Independent streak

Taken from NJBiz.com

January 27, 2020

By Anthony Vecchione

Hospital mergers are on the rise but standalone facilities are finding ways to survive

When hospitals merge the end result often means higher quality of care for patients, stronger clinical programs, easier access to resources and in some instances cost savings.

Just ask the three big health care systems in New Jersey: Hackensack Meridian Health, RWJBarnabas Health and Atlantic Health System.

Those giants are involved in mergers, acquisitions or strategic partnerships that will come to fruition this year.

While executives at the shrinking number of independent hospitals in the state are well aware of the increasingly turbulent environment in which they operate, they are standing their ground – confident that they have place in New Jersey’s health care market.

Dr. Robert Brenner, president, Clinical Integration, for Valley Health System, said he believes independent hospitals provide patients with high-quality care, strong clinical programs, and competitive pricing. “You do not need to be a part of an outright merger to give patients comprehensive care. This can be achieved through partnerships like the one Valley has with the Cleveland Clinic and Mount Sinai.”

Brenner said independent hospitals should remain competitive in the New Jersey market. Construction of a new Valley Hospital in Paramus is underway.

Michael Maron, president and chief executive officer of Holy Name Medical Center, is not perturbed by the merger trend in New Jersey and believes that independent hospitals play a vital role in providing quality care to patients.

“We continue to be creative and innovative and that makes us stronger than some of our larger competitors,” said Maron.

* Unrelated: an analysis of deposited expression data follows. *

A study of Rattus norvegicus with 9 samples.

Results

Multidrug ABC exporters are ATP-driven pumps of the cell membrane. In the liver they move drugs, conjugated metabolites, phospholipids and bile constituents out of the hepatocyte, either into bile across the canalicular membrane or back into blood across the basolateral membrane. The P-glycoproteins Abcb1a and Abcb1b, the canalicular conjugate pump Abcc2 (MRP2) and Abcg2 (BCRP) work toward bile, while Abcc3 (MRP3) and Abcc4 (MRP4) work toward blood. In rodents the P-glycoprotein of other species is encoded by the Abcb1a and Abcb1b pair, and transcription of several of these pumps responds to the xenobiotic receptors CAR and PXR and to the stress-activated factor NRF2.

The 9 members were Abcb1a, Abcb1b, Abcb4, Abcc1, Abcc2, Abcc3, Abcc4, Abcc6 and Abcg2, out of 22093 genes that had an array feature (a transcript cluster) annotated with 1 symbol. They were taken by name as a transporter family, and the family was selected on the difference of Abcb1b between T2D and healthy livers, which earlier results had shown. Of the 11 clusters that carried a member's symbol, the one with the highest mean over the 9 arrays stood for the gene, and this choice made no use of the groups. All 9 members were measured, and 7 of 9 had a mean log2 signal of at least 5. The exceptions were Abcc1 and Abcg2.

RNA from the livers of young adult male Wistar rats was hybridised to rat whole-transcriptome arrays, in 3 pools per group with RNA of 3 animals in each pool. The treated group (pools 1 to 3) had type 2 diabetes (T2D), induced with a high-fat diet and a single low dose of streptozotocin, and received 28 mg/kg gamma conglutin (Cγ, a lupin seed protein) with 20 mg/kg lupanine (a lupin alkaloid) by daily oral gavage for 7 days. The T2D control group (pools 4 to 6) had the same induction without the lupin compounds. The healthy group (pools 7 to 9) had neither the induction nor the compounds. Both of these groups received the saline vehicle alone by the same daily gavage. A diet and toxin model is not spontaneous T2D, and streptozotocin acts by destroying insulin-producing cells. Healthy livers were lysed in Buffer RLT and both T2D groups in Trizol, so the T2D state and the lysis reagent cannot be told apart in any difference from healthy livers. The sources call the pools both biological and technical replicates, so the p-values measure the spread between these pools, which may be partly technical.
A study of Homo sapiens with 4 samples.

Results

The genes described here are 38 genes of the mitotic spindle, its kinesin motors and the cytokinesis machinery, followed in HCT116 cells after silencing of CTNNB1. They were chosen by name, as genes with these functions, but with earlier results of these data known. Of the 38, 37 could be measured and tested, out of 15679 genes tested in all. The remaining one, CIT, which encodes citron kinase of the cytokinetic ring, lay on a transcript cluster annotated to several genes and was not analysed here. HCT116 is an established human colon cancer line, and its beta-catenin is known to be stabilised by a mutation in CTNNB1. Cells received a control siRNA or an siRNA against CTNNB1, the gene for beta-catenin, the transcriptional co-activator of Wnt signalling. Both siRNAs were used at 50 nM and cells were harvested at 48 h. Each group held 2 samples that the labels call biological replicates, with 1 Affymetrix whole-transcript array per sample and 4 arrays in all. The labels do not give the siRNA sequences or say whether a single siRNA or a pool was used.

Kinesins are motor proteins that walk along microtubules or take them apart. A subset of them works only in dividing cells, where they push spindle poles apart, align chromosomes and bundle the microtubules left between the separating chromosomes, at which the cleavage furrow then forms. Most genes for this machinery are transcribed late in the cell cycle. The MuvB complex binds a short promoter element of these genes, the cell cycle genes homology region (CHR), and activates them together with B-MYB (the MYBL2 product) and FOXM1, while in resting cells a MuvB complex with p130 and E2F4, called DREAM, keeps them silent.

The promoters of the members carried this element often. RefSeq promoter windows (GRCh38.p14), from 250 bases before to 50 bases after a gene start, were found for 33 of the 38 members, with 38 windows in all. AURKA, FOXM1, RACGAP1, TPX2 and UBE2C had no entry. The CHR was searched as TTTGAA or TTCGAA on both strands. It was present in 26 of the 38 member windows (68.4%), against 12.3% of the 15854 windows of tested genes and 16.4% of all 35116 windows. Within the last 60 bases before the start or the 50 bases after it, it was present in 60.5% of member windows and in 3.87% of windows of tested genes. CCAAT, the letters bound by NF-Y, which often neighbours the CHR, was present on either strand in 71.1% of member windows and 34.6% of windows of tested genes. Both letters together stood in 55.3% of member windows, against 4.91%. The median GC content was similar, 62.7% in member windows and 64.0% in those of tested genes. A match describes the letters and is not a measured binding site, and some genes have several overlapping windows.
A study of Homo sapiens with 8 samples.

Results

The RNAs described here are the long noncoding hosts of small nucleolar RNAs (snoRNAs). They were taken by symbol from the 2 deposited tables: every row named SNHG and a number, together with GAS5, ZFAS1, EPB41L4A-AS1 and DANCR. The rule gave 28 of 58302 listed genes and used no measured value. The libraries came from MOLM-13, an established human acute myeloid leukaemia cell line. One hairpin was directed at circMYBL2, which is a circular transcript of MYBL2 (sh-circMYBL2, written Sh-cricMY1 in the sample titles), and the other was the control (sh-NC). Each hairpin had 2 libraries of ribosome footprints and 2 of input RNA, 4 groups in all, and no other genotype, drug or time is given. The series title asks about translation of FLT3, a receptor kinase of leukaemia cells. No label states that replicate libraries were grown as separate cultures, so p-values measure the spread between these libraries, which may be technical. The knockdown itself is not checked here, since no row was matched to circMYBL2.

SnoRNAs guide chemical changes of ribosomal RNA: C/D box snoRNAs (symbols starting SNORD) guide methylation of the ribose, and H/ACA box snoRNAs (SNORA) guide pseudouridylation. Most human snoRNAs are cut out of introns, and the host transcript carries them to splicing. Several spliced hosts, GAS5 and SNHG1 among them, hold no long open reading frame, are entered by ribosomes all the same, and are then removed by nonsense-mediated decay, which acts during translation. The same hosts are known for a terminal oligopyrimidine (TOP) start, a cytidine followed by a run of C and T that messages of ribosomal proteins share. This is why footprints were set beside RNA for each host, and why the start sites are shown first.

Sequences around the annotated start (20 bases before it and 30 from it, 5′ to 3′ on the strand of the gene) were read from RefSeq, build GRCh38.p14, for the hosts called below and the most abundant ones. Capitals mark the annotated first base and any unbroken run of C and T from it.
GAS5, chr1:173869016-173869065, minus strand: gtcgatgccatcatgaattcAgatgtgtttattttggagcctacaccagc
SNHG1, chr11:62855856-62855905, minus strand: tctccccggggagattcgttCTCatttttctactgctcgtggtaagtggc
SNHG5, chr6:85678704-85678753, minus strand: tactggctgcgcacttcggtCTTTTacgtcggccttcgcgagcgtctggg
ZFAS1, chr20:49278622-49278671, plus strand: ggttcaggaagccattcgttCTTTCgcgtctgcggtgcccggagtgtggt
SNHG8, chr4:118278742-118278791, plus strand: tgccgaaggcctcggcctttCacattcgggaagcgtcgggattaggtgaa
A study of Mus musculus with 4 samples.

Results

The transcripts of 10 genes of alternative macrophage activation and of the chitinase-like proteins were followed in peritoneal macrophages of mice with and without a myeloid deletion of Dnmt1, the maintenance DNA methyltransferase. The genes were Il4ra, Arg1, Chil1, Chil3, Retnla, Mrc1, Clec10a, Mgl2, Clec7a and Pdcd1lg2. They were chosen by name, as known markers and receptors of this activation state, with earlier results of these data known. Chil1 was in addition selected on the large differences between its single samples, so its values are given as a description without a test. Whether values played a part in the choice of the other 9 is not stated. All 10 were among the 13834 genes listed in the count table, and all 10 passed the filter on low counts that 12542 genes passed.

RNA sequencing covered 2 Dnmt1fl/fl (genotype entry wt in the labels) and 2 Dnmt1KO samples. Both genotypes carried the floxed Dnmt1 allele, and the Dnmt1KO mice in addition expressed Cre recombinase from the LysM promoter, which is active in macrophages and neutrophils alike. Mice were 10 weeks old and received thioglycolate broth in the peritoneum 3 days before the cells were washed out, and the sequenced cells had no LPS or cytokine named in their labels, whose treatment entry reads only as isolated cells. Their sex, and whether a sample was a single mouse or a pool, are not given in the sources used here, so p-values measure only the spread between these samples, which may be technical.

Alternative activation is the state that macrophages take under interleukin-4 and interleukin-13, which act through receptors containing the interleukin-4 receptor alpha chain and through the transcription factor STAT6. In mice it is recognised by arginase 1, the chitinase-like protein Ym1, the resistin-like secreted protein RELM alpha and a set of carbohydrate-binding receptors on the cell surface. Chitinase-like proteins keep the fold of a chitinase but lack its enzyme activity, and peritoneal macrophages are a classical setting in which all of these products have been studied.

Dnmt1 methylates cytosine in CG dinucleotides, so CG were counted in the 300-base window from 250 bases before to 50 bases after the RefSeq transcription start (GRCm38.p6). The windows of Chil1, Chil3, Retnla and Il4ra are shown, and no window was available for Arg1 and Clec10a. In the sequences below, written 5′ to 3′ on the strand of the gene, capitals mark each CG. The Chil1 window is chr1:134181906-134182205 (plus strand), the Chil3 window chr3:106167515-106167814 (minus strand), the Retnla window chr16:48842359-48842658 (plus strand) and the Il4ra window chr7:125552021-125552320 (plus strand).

Competing Findings

While there are no shortages of studies substantiating the claim that hospital mergers can result in greater economies of scale and greater efficiencies, other analyses reveal a different outcome.

A recent study published in the New England Journal of Medicine (NEJM) for instance showed that while the hospital industry has consolidated substantially during the past two decades and at an accelerated pace since 2010, multiple studies demonstrate that hospital mergers have led to higher prices for commercially insured patients. But research about effects on quality of care is limited.

The study funded by the Agency for Healthcare Research and Quality showed that an acquisition by another hospital or hospital system was associated with modestly worse patient experiences and no significant changes in readmission or mortality rates.

Some independent hospitals maintain that they have advantages allowing them to be competitive even in a health care universe dominated by large systems with multiple facilities.

“Holy Name remains independent because we’ve been resourceful and we’ve discovered ways to improve efficiency – and neither of those things negatively impact what we consider to be the very basic standards of care,” Maron said. “Quality and clinical coordination do not suffer as a result of being innovative.”

Nevertheless, independent hospitals face formidable competition. The struggle is not limited to quality of care, coordination of clinical services, or economic benefits of economies of scale. Some industry insiders contend that money and negotiating power are driving forces behind mergers and acquisitions.

Sometimes, but not always, insurance companies negotiate different prices with large hospital networks resulting in different reimbursement rates compared with independent hospitals. That can put the independents at a competitive disadvantage.

“If you’re a standalone hospital that can’t negotiate rates that support your bottom line, then you won’t have the ability to expand or grow. All of your talents and resources are then funneled into surviving, not thriving,” Maron said.

Maron contends that if independent hospitals are unable to find unconventional solutions and cannot shave costs elsewhere, then they are more likely to be forced to merge.